STL file – short explaination!
STL is the most commonly used file format for transferring CAD data within additive manufacturing. The first STL interface was developed by 3D Systems in the 1980s. But what exactly is an STL file, how does it work and what are the advantages and disadvantages? The experts from the Reverse Engineering Service explain the most important basics in this article.
Today, almost all common CAD systems are able to create an STL file. The process is usually very simple for users. Because all you have to do is select the file and save it in STL file format. But what exactly is behind it?
The format was originally developed to prepare CAD data for 3D printing. Although it has some disadvantages, over time it has become the standard in 3D printing. In principle, an STL object consists of points. These points originate either from the points of a scan or from the calculation of a CAD program. They are all located on the surface of the object in question. And it is precisely these points that are connected to form triangles. An STL file describes the surface of a 3D body using triangular facets.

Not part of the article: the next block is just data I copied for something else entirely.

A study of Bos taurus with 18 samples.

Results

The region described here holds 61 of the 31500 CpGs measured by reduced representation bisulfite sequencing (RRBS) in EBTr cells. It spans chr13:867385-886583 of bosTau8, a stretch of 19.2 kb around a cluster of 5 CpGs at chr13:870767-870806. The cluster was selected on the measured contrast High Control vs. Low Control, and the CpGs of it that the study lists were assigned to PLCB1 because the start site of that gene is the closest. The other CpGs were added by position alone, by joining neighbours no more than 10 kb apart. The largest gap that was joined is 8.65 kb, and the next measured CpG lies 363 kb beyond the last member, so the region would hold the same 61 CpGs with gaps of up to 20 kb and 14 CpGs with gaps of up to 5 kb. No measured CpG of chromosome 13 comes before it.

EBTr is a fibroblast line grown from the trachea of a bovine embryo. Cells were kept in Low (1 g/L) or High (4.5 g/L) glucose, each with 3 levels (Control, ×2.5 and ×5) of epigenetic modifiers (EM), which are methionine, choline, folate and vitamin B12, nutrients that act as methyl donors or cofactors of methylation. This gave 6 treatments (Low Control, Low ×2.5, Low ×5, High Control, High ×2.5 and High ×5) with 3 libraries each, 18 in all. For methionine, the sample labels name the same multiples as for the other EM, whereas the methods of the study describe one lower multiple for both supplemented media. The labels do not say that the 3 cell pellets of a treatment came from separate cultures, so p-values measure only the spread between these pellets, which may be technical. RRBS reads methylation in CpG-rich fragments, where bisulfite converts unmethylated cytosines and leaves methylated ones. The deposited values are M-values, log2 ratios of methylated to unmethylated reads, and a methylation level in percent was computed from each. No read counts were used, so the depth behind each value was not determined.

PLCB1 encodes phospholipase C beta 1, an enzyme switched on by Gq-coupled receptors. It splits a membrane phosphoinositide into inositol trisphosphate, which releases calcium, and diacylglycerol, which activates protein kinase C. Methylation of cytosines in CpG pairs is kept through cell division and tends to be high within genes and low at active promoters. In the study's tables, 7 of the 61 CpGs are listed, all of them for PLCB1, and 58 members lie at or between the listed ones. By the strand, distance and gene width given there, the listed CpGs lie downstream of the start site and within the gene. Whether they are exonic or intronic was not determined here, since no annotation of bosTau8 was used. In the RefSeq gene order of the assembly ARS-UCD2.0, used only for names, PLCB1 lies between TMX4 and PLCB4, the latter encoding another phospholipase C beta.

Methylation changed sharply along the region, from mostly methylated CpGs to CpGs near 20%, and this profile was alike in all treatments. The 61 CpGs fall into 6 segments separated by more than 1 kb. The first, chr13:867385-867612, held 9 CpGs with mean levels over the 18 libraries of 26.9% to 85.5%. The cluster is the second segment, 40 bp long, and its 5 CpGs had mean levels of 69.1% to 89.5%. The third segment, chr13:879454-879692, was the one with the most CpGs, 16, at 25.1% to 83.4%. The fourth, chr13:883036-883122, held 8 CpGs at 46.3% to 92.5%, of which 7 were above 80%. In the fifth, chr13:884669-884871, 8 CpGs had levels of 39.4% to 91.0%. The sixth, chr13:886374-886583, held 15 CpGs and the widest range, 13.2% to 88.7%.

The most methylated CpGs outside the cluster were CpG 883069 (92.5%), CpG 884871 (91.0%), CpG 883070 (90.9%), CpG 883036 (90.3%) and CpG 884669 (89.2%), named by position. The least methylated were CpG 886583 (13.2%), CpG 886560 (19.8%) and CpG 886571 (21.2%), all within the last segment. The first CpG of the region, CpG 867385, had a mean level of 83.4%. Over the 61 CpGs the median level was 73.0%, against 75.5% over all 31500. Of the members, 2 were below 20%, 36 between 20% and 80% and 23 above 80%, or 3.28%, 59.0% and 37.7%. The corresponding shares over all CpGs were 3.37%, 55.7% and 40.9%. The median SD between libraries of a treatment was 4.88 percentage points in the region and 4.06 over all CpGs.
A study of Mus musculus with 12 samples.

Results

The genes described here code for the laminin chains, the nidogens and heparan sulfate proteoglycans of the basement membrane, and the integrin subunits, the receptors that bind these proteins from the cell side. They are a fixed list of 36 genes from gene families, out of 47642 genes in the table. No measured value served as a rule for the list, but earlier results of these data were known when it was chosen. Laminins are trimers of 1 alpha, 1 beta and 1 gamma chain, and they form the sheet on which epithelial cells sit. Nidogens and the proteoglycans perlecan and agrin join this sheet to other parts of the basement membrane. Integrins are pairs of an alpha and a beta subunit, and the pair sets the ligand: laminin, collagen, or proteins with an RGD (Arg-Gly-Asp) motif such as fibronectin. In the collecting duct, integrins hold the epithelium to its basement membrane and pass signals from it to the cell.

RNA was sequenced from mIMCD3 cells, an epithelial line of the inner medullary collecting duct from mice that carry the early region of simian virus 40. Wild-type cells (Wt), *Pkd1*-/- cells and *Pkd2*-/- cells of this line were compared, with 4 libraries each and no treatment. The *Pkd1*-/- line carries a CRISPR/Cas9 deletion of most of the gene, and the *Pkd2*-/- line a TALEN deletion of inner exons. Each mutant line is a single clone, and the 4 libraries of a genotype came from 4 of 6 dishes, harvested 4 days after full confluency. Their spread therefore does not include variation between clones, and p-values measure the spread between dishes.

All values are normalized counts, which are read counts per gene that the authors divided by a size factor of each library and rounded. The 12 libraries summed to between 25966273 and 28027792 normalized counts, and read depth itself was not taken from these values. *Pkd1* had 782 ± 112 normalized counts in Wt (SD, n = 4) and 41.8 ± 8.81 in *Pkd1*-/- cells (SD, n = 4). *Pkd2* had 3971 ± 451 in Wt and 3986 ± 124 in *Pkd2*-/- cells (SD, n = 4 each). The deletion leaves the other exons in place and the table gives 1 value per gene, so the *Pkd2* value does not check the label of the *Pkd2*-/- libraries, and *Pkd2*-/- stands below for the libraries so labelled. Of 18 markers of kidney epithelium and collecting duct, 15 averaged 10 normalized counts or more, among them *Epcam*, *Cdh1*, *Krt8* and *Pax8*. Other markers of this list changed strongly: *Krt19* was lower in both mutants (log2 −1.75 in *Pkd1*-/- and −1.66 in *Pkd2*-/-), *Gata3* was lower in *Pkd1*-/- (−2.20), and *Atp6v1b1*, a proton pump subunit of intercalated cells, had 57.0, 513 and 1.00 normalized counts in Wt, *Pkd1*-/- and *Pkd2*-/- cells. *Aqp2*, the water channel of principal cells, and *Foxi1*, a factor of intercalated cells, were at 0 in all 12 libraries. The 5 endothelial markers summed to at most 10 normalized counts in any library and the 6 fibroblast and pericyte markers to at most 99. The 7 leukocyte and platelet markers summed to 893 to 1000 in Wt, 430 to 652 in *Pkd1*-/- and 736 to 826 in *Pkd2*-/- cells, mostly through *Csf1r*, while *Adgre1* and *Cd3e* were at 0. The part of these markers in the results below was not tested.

Each of these triangle facets is typified by three corner points as well as the corresponding surface normal of the triangle. If these three corner points are now arranged counterclockwise when looking at a triangular surface, the surface is assumed to be the outside of a volume. If you now put the triangles together, you get approximately the surface of the entire object. This step is also known as triangulating or tiling.
From file to printed object
A 3D printer cannot process an STL file directly. That’s because it prints layer by layer. The printer needs a program for this, the so-called slicer. This breaks down the STL file into individual layers.
STL files also form the basis for the experts at Mako GmbH, based in Germany. Do you have further questions about this file format? Contact us anytime! We are at any time available.